May 10, 2001 Benign paroxysmal positional vertigo (BPPV) is one of the most common causes of dizziness spells and vertigo. But if diagnosed correctly, it can often be treated with immediate results, according to two Emory University researchers.
Ronald J. Tusa, M.D., Ph.D., professor of Neurology, Emory University School of Medicine, and director of Emory’s Dizziness and Balance Center and Susan J. Herdman, P.T., Ph.D., Emory University School of Medicine, will report at the American Academy of Neurology meeting, in Philadelphia, successful diagnostic procedures and treatment options for BPPV.
BPPV is caused by misplaced calcium carbonate crystals (otoconia) in the semicircular canals (SCC) in the inner ear that have broken free and are found in the fluid of the inner ear. When the head is moved in certain positions, it causes brief periods of vertigo.
"Patients with BPPV usually complain of vertigo in the morning when they get up or turn over in bed," according to Dr. Tusa. "It can also occur when the patient lies down in bed or tilts the head backwards, maybe while taking a shower or sitting in a dentist chair." Patients also complain of poor balance and trouble walking that may last for several hours following an episode of positional vertigo.
BPPV can affect three areas of the SCC, the posterior, the anterior and the horizontal SCCs. The most common is the posterior SCC.
Drs. Tusa and Herdman have studied several ways to diagnose and treat patients with BPPV. "A common test used to confirm the diagnosis of BPPV is the Dix-Hallpike test," says Dr. Herdman. "It involves turning the head to a certain degree while the patient is sitting, then quickly lying the patient back so the head is hanging off the examination table. If the patient has BPPV, the patient should feel a sense of dizziness." Patients can also be tested for BPPV using a sidelying test and a test of balance.
According to Drs. Tusa and Herdman, there are three basic bedside treatments for BPPV, all of which take less than five minutes to administer. They are canalith repositioning treatment (CRT), Liberatory treatment and Brandt-Daroff (BD) treatment.
CRT is used on patients with severe canalithiasis (free-floating otoconia). It is effective in 85-95% of patients with one treatment. Liberatory treatment is effective in dislodging otoconia attached to the cupula (the cover of the semicircular canals). This procedure has a success rate of 53% after one treatment and 76-90% after two treatments. However, this treatment is difficult to perform on elderly patients because of the quickness of the procedure. The BD treatment is a series of repetitive exercises that works by dispersing free-floating otoconia and possibly by dislodging any otoconia attached to the cupula. This is the best treatment for mild canalithiasis, when the patient still has symptoms but no signs of BPPV after a single treatment. BD treatment can also be used in patients with severe BPPV, but it is not the first choice since it causes vertigo and takes up to two weeks for success.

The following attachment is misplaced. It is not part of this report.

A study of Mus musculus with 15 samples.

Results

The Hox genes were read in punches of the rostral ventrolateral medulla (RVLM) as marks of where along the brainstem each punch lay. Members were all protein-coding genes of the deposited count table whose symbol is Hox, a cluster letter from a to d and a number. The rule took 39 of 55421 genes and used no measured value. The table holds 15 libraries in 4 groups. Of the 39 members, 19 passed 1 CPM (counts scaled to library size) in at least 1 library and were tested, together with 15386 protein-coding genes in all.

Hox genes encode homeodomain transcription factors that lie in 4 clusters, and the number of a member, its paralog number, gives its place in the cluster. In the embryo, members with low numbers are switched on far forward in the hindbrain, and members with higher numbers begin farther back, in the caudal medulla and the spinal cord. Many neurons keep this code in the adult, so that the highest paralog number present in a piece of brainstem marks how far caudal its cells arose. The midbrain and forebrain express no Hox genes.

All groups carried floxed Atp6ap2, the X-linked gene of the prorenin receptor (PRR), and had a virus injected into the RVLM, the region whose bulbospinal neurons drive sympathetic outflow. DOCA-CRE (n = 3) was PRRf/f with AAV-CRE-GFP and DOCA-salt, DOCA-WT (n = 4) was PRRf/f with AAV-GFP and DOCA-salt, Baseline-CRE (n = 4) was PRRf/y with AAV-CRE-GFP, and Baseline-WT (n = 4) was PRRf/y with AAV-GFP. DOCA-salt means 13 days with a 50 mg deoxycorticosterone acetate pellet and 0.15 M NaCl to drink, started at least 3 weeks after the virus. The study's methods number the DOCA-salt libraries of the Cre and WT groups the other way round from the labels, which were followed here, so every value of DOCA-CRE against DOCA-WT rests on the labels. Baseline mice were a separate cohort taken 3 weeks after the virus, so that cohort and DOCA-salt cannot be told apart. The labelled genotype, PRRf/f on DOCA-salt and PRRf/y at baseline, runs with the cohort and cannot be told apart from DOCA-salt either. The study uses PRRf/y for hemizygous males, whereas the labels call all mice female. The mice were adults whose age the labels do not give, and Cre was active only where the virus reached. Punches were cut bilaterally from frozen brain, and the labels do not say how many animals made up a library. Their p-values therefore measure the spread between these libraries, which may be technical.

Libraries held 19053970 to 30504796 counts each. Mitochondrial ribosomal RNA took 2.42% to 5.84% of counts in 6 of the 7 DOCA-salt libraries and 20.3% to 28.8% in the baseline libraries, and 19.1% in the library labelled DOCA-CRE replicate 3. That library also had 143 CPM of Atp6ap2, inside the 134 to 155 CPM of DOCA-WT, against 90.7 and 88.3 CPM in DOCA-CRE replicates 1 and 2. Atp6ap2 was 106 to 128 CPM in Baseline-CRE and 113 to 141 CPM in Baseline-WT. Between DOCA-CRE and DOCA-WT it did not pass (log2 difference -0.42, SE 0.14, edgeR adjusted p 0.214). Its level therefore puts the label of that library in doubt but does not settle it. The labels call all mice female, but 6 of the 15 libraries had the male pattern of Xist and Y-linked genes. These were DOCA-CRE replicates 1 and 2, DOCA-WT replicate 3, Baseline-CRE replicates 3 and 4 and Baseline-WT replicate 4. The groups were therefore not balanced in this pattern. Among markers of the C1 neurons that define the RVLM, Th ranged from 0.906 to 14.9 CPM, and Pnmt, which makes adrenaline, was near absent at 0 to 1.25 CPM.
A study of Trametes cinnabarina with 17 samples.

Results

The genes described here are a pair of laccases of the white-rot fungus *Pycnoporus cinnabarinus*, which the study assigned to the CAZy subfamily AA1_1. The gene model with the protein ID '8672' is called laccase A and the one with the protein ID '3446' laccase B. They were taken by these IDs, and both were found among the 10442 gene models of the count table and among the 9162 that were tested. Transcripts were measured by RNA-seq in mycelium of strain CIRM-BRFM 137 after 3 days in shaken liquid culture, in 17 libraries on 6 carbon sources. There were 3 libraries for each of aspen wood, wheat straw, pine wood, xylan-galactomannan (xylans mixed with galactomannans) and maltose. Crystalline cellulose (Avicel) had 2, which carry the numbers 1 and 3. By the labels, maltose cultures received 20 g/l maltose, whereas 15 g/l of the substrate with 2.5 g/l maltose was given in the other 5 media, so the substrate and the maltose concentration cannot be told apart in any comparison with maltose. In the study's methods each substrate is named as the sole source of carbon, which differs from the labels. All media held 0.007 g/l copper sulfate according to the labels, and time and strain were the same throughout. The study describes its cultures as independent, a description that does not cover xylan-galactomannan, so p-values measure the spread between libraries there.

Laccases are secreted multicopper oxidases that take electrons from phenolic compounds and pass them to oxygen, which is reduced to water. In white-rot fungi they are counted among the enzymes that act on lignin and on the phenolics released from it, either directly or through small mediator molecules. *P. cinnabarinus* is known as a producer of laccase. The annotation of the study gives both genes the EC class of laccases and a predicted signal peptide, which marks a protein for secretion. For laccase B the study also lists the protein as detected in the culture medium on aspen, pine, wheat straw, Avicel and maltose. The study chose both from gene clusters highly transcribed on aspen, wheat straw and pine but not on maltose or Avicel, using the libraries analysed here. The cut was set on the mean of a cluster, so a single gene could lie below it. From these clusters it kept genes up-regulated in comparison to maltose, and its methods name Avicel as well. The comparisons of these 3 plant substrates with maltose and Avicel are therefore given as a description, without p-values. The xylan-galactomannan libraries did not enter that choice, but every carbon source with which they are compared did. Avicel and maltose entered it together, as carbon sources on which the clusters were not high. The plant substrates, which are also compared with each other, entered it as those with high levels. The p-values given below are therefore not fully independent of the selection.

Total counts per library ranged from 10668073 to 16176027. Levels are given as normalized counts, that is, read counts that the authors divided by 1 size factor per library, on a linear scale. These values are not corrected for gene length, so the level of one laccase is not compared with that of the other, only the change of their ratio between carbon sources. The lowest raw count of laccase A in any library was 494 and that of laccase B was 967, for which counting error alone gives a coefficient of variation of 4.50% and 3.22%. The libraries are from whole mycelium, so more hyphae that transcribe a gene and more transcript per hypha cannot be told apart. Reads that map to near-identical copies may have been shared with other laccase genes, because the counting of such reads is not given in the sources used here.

In all of the treatments, patients come to the Dizziness and Balance Center and undergo evaluation, testing and treatment by Drs. Tusa and Herdman. Then, in many cases, the patients learn how to administer the treatment themselves and can perform them at home. There are still more ways to treat other forms of BPPV in the anterior and horizontal SCCs. "Treatment varies according to the SCC involved, whether the otoconia is free-floating or attached to the cupula and the severity of the vertigo," says Dr. Tusa. "We hope our research will be of assistance to a number of people who haven’t been able to find relief from their vertigo elsewhere."
Emory’s Dizziness and Balance Center uses a multidisciplinary approach for diagnosis and treatment. It features physicians and therapists trained in neurology, ophthalmology, otolaryngology, psychiatry and physical therapy. Specialized equipment, including a rotary chair to measure eye movements during head rotation and a dynamic platform posturography to test balance, help provide key information to aid in proper diagnosis.
Dr. Tusa, who holds joint appointments in the Emory Departments of Neurology, Ophthalmology and Otolaryngology, is the founder and former director of the University’s of Miami’s Dizziness and Eye Movement Center. Before that, he spent 13 years at Johns Hopkins University, where he began his research in vision and eye movement. He is the author of two books and numerous chapters and articles for professional journals concerning disorders of the eyes and ears.
Dr. Herdman supervises the Center’s Vestibular Rehabilitation Program, which includes balance and vestibular or inner ear retraining through a series of special exercises. She is the author of the nation’s most utilized textbook on vestibular rehabilitation.